Twenty years ago on August 8th (my mom’s birthday), my parents drove me to Denver International Airport, dropped me off (per my request), and I flew off to several weeks of new teacher orientation in California before heading to China.
Oh my word. Erin (my teammate) and Cynthia (province mate) seem to have dressed in a more timeless fashion than I did.
Remember when vests were the rage? Or pleated shorts? Or fanny packs? Or little bangs? I don’t think I have traveled internationally in shorts since that flight. And truth be told, we got all checked-in and our flight was cancelled so we spent the night at an airport. Then for the second day in a row I put that outfit on, thinking it was a fine way to travel.
One more photo from our first month in China:
Our school took Erin and me on a day trip soon after we arrived. In my photo album I’ve written, “Mr. Yao brought this man with us to practice English.” Ha :)! What I should have written was, “What in the world was I thinking with my sock and footwear choice?!” Notice how nicely everyone is dressed and I’m sporting a cow t-shirt? Erin and I, like good Americans, dressed for comfort. Everyone else dressed for the photos. Oh, sweet Amy, so much to learn.
This man-child was not even conceived when either of those pictures was taken.
I repeat, not even conceived. This is what twenty years looks like: a grown man.
This month marks twenty year of being on full time support. My first support raising goal was a couple of thousand dollars for training and a flight to China and then $650 a month. I remember wondering where $650 was going to come from, it seemed like so much money. Now, needing about four times that amount, I’m thankful God eases us into stages of life.
I’ll admit it wasn’t that hard for me emotionally to go on full time support because I thought it was only for two years. For someone to “eddy out” (using rafting terms) of the flow for how most Westerners earn money for a couple of years when I was young, didn’t seem a big deal.
But to have relied on supporters’ generosity as they’ve listened to the prompting of the Holy Spirit over the years, has not always been easy. There is a certain level of pride to have “worked for your money.” We westerners respect and understand pulling our own weight.
There is a certain level of humility and gratitude to have relied on others to have “worked for your money.” We Christians respect and understand living according to rules of a different Master.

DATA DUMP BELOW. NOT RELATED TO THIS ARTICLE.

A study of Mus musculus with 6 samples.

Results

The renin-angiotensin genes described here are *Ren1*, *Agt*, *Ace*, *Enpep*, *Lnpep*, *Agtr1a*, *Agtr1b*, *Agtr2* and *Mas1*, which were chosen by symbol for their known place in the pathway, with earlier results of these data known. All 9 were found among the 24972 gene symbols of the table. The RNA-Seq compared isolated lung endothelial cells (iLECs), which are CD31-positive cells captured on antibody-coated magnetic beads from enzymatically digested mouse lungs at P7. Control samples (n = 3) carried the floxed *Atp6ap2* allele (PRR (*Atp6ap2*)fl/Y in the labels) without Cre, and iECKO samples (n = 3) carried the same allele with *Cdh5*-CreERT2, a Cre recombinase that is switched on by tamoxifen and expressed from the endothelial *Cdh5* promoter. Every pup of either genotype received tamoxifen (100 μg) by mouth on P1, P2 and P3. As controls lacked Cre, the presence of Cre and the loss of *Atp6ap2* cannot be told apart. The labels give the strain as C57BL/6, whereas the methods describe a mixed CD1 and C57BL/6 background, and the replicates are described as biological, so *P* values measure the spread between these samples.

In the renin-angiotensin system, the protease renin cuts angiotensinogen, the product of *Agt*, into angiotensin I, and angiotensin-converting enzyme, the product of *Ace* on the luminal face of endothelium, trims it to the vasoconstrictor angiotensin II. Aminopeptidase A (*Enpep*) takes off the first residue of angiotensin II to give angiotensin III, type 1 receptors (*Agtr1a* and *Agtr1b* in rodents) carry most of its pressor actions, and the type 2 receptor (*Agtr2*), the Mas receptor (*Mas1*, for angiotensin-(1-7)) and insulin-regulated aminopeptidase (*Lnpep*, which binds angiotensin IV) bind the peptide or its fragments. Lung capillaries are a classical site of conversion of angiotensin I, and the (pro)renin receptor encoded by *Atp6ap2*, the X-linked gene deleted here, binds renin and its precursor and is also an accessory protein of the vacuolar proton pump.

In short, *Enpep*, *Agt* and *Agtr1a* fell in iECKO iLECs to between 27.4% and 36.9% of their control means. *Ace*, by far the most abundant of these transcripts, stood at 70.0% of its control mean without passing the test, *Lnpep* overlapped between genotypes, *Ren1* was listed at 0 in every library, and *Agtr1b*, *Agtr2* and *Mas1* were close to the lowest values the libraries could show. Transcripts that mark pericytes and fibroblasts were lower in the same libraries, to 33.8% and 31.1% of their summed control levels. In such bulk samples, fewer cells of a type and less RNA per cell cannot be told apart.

I love my American side, but sometimes she does battle with my True Self, wondering if I’m doing enough, if supporters will move on to the next sexy Christian project (the need around the world is great and your resources are limited, I truly do understand), if they’ll think that a fanny-packed clueless twenty something is more endearing than a mid-life apparently not-going-to-get-a-real-job forty something.
We love beginnings and endings. Or I should say, I love beginnings and endings. But the middle? You can wonder where the shore is when you’re in the middle of a journey.
Twenty years. I never would have thought it. I imagine as you look around you, you’ve also got parts of your journey that surprise you. And humble and delight and have formed you. I’m flooded with gratitude for these twenty years.
For the faithfulness shown to me by friends, family, and supporters via letters, emails, calls, asking family members about me, their prayers, and their money.
For the faithfulness shown to me by God who has sat with me in loneliness, laughed with me at team meetings, grown me through his words and the words of others, and reminded me to live in the present with an eye to the future and a gratitude for the past.
Here’s to fanny packs, black socks, and the timeless love of God for people!
Clink (that’s our metaphorical glasses clinking).
And just because I can’t help my gregarious self, I clink again. To God and his faithfulness. To fellow travelers. To the Broncos winning the Super Bowl!*
What have been the blessings and challenges of others “working for your money.”
*You can take the girl out of Denver, but taking American football out of her heart is nearly impossible.